Spaying and neutering young kittens and puppies

  • Veterinarians receive instruction on pediatric spay/neuter at a training lab. The National Spay/Neuter Training Center at the Humane Alliance in Asheville, N.C., offers year-round continuing education for veterinarians in pediatric spay/neuter. Brenda Griffin

Ask yourself: Which animals are most often adopted from your shelter? Then ask another question: Which animals are most likely to leave before they are spayed or neutered? For many shelters, unfortunately, the answer to both of these questions is the same: kittens and puppies.

According to a 2009 survey by PetSmart Charities, approximately one in three pet owners do not have their pets spayed or neutered in a timely fashion following adoption. Of those surveyed, 13 percent of dog owners and 19 percent of cat owners had allowed their pet to have a litter—usually unintentionally. Furthermore, the survey revealed that substantial confusion exists among pet owners regarding the appropriate age for spay/neuter.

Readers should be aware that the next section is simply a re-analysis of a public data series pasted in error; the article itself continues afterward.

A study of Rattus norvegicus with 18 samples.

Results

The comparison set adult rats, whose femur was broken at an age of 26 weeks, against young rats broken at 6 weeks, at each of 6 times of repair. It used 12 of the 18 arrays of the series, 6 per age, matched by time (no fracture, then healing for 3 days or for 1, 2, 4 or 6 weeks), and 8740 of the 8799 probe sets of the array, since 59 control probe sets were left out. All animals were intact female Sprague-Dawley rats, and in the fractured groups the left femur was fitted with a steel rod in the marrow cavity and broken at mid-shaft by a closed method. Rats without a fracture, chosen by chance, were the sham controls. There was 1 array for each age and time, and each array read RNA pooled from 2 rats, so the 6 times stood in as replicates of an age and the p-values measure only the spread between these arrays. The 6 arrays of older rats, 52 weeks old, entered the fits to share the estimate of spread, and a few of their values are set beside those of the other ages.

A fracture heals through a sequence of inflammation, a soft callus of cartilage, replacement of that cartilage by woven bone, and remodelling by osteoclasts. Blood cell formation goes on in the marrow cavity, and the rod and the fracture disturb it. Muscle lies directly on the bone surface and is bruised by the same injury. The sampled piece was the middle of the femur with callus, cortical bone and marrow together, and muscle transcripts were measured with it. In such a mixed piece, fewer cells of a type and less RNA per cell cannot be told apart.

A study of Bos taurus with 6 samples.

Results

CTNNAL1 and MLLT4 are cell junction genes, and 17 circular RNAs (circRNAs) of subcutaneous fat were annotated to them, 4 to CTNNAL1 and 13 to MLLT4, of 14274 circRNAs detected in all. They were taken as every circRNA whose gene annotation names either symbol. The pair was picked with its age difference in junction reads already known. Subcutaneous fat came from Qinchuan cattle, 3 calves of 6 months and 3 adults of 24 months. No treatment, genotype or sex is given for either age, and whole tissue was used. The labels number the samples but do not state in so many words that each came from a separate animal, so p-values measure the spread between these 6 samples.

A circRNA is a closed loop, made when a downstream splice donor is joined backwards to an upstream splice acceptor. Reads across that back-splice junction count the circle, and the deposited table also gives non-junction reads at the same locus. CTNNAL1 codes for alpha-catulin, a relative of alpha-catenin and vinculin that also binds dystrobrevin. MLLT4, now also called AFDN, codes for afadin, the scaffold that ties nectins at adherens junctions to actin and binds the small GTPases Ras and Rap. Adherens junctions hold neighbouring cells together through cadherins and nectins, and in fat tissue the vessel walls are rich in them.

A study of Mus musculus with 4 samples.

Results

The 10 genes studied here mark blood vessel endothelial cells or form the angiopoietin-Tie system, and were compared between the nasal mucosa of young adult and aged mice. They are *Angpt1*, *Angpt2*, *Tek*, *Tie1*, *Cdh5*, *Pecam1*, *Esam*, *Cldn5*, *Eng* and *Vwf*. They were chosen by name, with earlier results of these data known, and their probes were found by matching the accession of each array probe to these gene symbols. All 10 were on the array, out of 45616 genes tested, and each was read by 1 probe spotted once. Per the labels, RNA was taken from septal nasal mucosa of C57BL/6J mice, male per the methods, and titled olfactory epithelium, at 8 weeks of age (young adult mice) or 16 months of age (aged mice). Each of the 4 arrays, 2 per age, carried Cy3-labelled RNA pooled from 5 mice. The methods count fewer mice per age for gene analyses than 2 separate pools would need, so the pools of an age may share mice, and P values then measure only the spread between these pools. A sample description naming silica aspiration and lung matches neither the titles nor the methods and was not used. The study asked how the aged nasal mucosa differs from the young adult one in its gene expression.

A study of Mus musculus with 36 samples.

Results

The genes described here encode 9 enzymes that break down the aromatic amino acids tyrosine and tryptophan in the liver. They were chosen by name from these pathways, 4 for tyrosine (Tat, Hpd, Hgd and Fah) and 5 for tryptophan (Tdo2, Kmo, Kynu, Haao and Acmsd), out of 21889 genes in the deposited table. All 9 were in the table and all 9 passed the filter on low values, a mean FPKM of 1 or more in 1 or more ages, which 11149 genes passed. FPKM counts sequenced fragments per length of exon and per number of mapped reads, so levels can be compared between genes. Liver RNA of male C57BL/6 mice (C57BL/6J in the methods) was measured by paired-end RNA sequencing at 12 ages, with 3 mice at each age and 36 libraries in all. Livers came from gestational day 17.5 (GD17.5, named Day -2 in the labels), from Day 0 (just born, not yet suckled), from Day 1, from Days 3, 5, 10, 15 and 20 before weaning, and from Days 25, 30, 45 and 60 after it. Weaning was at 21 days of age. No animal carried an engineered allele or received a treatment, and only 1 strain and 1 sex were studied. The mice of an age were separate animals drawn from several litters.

When animal adoption organizations require neutering but fail to perform the surgery prior to placement, they inevitably end up adding to the number of litters born in their community. Even if a shelter has a 90 percent compliance rate for post-adoption spay/neuter, if one of their adopted dogs has a litter of 10 puppies, they’re right back where they started.

For these reasons, shelters should always strive for neuter-before-adoption for all cats and dogs, including those often-overlooked kittens and puppies as young as 6 weeks of age. When shelters meet the goal of 100 percent neuter-before-adoption, they can take pride in knowing they are setting an example of responsible pet ownership and are ensuring that their agency’s adopted pets will not reproduce!